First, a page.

21 Jul, 2005 By: Judith McCourt



It had to happen: DVD has hit middle age and sales are starting to sag.

After seven years of frenetic growth of DVD, the first half of 2005 showed definite signs of market maturation, as DVD sales growth fell to single digits.

Consumers spent $11.33 billion in the first half buying and renting videos, with growth virtually flat (0.2 percent) from the $11.31 billion spent in the comparable period in 2004, according to Home Media Research estimates.

Video sales for the first 26 weeks of the year registered $7.32 billion, a 2.2 percent increase from the same period in 2004. DVD sales rang in at slightly more than $7 billion, a 7.3 percent bump from last year.

By comparison, from 2003 to 2004, DVD sales grew a whopping 26 percent. The DVD increase was barely enough to offset the final decline in cassette sales, which fell 59 percent in the first half from the same period in 2004 and added just $227 million to the coffers. More than 95 percent of the sales tally came from DVD revenue, compared with 92 percent in the first half of 2004, signaling the completion of the migration of sales from cassettes to discs.

Rentals continued to falter in the first half of 2005. Video rentals generated $4.02 billion, 3.2 percent less than the $4.16 billion generated in the same period of 2004. DVD rentals made up 84 percent of the total — up from 71 percent at the same juncture last year.

The slowdown wasn't due to a weaker box office punch, but could perhaps be attributed to a lower number of box office titles. The box office power of the theatrical titles hitting the video pipeline in the first half was on a par with those of 2004, up 2 percent from that of titles released during the first half of 2004. However, nine fewer box office titles (with more than $1 million theatrically) hit the video pipeline in the half (102 vs. 111).

The theatrical-to-video release window continued to close during the first half. The average window for the first half dropped from 152 days to 139 days for titles that grossed more than $1 million theatrically and debuted in less than 300 days after their theatrical opening.

While the number of box office titles fell, other releases took up the slack. More than 5,600 new DVD releases bowed in the first half, up 3.2 percent from last year, according to The DVD Release Report. The number of DVD releases may be one of the underlying culprits in slowing sales.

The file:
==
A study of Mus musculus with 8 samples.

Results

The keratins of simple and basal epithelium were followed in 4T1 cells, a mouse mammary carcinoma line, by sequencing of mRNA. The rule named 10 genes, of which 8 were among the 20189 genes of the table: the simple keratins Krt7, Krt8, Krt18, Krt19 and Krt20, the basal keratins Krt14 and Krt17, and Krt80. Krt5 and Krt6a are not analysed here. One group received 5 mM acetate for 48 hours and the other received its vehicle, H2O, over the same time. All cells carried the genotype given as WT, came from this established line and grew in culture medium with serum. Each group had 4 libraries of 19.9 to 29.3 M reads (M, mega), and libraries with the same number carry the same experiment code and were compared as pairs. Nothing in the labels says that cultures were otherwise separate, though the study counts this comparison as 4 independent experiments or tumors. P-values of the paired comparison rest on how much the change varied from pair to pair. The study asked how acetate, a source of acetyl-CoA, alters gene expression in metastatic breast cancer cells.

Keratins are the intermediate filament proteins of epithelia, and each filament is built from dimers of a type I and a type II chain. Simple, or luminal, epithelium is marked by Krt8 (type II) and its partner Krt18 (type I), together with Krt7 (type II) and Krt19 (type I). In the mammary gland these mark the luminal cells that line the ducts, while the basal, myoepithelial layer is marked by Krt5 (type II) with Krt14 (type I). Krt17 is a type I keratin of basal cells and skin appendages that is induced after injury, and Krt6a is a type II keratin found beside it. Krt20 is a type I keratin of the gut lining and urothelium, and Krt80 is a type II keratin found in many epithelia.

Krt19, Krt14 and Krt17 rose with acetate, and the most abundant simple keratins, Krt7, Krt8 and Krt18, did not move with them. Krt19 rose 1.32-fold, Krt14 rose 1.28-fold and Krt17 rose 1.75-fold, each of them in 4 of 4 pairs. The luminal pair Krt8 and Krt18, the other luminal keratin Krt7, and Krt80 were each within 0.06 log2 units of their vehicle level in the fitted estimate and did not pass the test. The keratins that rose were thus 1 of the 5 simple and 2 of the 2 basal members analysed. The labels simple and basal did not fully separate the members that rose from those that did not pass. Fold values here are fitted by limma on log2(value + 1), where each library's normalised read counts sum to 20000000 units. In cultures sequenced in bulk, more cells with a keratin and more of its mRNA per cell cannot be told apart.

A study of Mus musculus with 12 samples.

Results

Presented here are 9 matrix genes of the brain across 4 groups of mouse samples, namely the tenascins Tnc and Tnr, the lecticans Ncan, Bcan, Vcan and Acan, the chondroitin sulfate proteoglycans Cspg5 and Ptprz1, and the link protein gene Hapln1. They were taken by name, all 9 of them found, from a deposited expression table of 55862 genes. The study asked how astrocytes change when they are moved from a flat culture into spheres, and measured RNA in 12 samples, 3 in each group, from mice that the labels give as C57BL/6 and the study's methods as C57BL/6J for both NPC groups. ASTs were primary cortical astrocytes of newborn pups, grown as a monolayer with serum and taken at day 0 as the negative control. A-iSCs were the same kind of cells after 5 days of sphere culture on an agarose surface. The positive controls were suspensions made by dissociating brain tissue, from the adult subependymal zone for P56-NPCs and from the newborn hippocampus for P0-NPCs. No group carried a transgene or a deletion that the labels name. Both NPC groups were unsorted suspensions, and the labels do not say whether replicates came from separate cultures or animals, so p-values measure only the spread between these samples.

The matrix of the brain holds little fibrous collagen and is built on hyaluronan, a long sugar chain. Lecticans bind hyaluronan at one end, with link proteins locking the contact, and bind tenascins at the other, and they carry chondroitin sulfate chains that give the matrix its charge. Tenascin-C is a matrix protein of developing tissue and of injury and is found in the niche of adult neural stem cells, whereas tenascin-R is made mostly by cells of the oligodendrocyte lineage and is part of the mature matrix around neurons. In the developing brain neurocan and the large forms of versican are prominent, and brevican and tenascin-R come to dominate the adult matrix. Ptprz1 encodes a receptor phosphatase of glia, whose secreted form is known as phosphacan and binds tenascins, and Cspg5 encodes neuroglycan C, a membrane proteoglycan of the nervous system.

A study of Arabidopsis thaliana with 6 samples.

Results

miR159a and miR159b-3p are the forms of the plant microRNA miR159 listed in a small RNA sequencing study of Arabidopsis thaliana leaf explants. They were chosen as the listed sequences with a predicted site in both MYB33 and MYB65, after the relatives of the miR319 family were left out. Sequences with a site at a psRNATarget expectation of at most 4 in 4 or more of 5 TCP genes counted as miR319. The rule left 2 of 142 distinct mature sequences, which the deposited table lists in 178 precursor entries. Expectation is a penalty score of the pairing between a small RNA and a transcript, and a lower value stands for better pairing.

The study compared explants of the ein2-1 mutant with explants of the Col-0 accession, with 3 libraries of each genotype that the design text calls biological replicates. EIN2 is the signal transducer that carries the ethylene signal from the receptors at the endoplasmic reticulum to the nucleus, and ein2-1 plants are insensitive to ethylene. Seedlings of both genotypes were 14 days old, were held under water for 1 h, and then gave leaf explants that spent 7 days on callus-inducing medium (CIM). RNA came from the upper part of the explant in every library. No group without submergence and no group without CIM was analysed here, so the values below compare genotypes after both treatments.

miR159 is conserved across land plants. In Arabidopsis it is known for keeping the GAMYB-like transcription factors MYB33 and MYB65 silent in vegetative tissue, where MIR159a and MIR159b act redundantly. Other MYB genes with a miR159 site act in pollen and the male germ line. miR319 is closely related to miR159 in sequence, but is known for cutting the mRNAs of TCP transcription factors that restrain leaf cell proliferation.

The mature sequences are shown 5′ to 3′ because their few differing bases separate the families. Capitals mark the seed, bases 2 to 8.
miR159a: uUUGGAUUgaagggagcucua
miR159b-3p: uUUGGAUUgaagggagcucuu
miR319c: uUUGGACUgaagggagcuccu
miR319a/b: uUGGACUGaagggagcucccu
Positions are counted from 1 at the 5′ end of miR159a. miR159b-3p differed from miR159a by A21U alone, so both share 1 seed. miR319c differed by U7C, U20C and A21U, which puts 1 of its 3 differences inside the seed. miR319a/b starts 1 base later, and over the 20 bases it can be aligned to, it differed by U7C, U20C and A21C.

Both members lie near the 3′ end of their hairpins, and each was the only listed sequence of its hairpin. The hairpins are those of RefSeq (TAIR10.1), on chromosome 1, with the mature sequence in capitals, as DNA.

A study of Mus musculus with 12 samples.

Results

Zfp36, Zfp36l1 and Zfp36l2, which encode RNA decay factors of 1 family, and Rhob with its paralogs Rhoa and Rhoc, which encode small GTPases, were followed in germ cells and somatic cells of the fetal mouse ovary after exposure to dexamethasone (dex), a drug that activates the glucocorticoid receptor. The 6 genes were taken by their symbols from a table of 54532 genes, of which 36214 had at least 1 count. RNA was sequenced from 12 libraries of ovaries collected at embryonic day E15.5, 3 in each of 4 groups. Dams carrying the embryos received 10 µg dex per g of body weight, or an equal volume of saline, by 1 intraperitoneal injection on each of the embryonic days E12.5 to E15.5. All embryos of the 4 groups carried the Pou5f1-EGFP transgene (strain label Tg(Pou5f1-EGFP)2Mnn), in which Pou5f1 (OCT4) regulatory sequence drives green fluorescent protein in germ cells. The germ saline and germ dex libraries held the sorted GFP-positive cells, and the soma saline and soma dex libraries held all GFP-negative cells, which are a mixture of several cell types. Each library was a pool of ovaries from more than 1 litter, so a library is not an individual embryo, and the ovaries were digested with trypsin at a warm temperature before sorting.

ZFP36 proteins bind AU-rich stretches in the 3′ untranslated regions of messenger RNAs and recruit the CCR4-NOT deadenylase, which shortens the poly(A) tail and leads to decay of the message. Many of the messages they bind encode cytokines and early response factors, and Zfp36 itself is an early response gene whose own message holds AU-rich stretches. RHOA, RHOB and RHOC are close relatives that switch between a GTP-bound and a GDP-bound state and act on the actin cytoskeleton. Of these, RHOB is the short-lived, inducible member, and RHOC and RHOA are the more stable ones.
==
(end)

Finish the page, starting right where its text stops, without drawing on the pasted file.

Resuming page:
More than two-thirds of all unit sales in the first-half occurred at discount and mass merchant outlets, according to Nielsen VideoScan data.

With almost 50,000 DVD titles released since the inception of the format, retailers must make choices to accommodate catalog, the growing number of releases and the brisk pace at which new releases are coming to market. Shelf-space constraints force retailers to decide what to carry and how long to leave the product on the shelf. It follows that unless a consumer buys a title shortly after its release, he or she may have trouble finding it later.

A second-quarter study conducted by Home Media Research revealed that 60 percent of the mass merchants and discounters said they limit what they carry because of shelf space and that they are cycling inventory more quickly. On average, a new release has just 4.5 weeks in the new-releases section before facing retirement, with 20 percent of retailers pushing it out of the section in two weeks. With titles moving more quickly off the shelf, incremental sales in later weeks are more difficult to realize.

With shorter periods on the shelf and competition for shelf space from lucrative segments such as TV DVD, it's no surprise that unit sales of the top 50 titles for the first half were down 5.5 percent, compared to sales for the comparable group last year, according to Nielsen VideoScan data.

Meanwhile, the trend reversed on the top 10 DVD sellers, which sold 28 percent more units compared to the top 10 for the first part of 2004.

Titles that ranked 26 through 50 on the sellers chart on average sold through 26 percent less units than their 2004 counterparts.